Forty Creek Distillery in Grimsby has just launched its Niagara Whisky Guild, an on-site learning and tasting experience that will introduce patrons to the history of whisky (and whiskey!), the history of distilling and of cocktails, and the intricacies of the art of blending. It is a three-course master class, and you can sign up here.
As part of the media preview of their brand new tasting rooms and museum, we had the chance to sample the Guild Curriculum. We tasted some whiskies of the world and a range of Forty Creek’s whiskies with Master Blender Bill Ashburn and Brand Ambassador Chris Thompson. We learned about the rules regulating whiskies around the world (and why some countries spell it with an “e”). We also had a cocktail class with the crew from Civil Liberties, Canada’s #1 best bar for two years running.
Nick Kennedy was our guide, and what I appreciated about the class was that Nick framed it as a list of common mistakes. Through that frame he taught us the importance of all the steps of the cocktail making. First and foremost, a cocktail should make the hero ingredient “ring like a bell.” The objective is to draw out the characteristics of the spirit, not to cover them up. With a view to making the Forty Creek whisky sing, he walked us through the steps of cocktail making.
Common Cocktail Mistakes
Not enough ice
Fill your mixing glass with ice all the way to the top. The ice in the mixing glass not only chills, it dilutes the drink. Make sure you have plenty.
Fill your rocks glass with ice all the way to the top, even over the top of the glass. The objective is to avoid floating ice and to keep the drink well-chilled from beginning to end. Too little ice will over-dilute the drink in the glass because the ice melts faster.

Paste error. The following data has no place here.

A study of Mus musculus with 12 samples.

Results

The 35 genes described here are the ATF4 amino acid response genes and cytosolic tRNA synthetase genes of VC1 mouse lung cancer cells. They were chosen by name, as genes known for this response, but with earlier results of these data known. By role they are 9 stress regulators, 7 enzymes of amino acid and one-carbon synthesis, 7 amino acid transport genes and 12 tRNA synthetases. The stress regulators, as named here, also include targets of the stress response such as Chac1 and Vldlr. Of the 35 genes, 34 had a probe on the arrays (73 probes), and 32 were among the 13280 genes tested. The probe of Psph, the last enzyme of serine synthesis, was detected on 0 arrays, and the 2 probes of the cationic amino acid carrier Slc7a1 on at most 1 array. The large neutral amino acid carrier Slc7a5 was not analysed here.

Too much syrup
Don’t over-sweeten a cocktail. Start with a ratio of 1/4 oz of syrup to 2 oz of spirit. You can always add more if you feel it needs it.
Too many dashes of bitters or skipping the bitters
Two dashes is usual, three dashes is plenty. Again, you can always adjust once it’s stirred and diluted to see if it needs more. The aim is to balance bitter and sweet and spirit. As an experiment, try stirring your cocktail without the bitters, and taste it. Then add the bitters and taste that blend. It’s amazing what depth and character two or three dashes of bitters can add to a drink.
Too few stirs
The objective of stirring a cocktail before it is served in the glass is to dilute as well as to chill it. Water is an essential part of the balancing act. As a rule of thumb, stir as many times as the proof of the spirit. Forty Creek Copper Bold is 43 proof, so stir it 43 times. Once it’s stirred, taste it to ensure you have a balance that pleases you. This is when you can add more sweetness or bitters if you feel it’s necessary.
Don’t forget the garnish
The garnish is not just there for decoration. It serves a flavouring and aromatic purpose. If you are using a twist of orange peel, for example, don’t just drop it into the drink. Squeeze the peel over the drink to express the oils from the peel. The oil will sit on top of the liquid and add aromatic lift. You can also run the peel around the rim of the glass to flavour the first sip.
The Perfect Old Fashioned
It’s a classic for a reason. An Old Fashioned is so-called because it refers to the old fashioned cocktail, which was just bitters, sugar and spirit. (“Perfect” when used in front of a Manhattan or Martini means that the vermouth in the drink has been split 50/50 sweet and dry. This is not that kind of perfect!)
Nick encouraged us to play Mr. Potato Head with ingredients, swapping out a flavoured syrup for a simple syrup to complement the spirit. In this case, he used maple instead of simple syrup, and it really did make the Copper Bold sing. If you have different bitters on your bar, play around with how they impact the flavour.
2 oz Forty Creek Copper Bold
1/4 oz maple syrup or maple-flavoured simple syrup
2 dashes Angustora bitters
Fill a mixing glass with ice and add whisky, syrup and bitters. Stir until thoroughly chilled and diluted. Fill a rocks glass with ice and strain the cocktail into the glass. Express a strip of orange peel over the cocktail and drop it into the glass as a garnish.
And now you know how to make the perfect Old Fashioned, up your whisky knowledge and cocktail-making skills at the Niagara Whisky Guild.
For more things to do around the city, check out the June City Girl’s Guide.